The Javascript typeof Operator

The Javascript typeof Operator

Data means information and in programming it’s often important to know what type of information is being stored in a variable. Data in Javascript can be a number, a string, an object, undefined, and boolean (true or false). Specific times and cases when you might need to verify Javascript data types will definitely come up if you continue to program in this scripting language. This is why you’ll want to know how to use the Javascript typeof operator.

How to Use the Javascript typeof Operator

The syntax for the Javascript typeof operator is: typeof (operand). While it isn’t absolutely necessary to enclose the operand within parenthesis, it’s considered good practice and clean code. Remember that the operand could be a variable, an object, a string, a special keyword such as null, or even an object property. You can discover or confirm an operator’s data type quickly and easily using the Javascript typeof operator. Let’s take a look at the simple script I’ve written to demonstrate this.

You should already be familiar with basic (X)HTML and with declaring and initializing variables. I’ve embedded this short script in an HTML document as evidenced by the HTML tags. Please note that because this isn’t a live script, I didn’t bother to declare a document type, as I’m not using the strict or transitional DTD because I’ve no concern about validation. Nevertheless, I’ve enclosed the script within a character data (CDATA) section out of habit. All live web pages that I author are validated; so, if I need to embed Javascript in them, I avoid validation errors by enclosing the script within a CDATA section.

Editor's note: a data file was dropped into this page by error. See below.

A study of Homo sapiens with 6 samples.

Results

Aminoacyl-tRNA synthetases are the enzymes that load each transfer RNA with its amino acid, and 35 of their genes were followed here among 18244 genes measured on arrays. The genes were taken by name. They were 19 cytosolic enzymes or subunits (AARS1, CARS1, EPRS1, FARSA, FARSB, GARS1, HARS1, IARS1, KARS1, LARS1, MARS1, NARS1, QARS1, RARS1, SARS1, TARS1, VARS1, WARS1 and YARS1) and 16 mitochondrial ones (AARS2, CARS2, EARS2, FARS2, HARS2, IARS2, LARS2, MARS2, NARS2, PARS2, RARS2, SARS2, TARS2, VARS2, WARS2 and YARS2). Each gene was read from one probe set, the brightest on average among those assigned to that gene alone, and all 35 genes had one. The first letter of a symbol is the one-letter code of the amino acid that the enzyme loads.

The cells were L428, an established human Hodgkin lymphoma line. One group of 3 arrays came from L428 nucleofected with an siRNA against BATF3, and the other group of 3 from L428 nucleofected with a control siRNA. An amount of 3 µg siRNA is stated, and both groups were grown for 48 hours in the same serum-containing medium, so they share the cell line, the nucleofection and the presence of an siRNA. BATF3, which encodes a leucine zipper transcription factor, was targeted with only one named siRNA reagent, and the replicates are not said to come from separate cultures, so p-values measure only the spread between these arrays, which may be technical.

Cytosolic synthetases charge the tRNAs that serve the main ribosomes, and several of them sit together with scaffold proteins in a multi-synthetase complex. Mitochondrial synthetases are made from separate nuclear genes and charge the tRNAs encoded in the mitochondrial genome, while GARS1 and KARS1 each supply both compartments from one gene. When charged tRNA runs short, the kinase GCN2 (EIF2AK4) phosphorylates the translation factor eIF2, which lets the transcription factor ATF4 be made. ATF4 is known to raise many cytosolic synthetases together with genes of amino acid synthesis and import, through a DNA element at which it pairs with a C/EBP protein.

I’ve declared variables: aNum, aWord, response, and noThing. I’ve also created and initialized a Date object (var thisDay = new Date()). You can see that the variable aNum is a number, aWord is a string, thisDay is an object (the Date object), response is boolean, and noThing is not assigned a value. There are a few things to which you should pay special attention when working with the Javascript typeof operator. When I first wrote the small script above, I accidentally enclosed the value assigned to the variable response in quote marks. Doing this turned the value true into a string instead of the boolean type I wanted. The same will happen if you inadvertently enclose a number in quote marks. Also, keep in mind that any variable to which you haven’t assigned a value will result in an undefined data type if you perform the Javascript typeof operator on it.

If I hadn’t created the Date object before attempting to perform the Javascript typeof operator on it, I would have received a runtime error. You might want to take a look at your variables sections before attempting to confirm their Javascript data types. One more note to keep in mind is that if you use the Javascript typeof operator on the keyword null or on a variable with a null value, the data type will be seen as an object. This is a little strange; but, it’s the way things are.

In the print section of the script (document.write) you can see the use of the Javascript typeof operator on variables and the Date object I have. The results are confirmed and printed for me when the .htm file is opened by a web browser as seen if you click on the screen shot below. Don’t be confused by the fact that Number() and String() are also functions.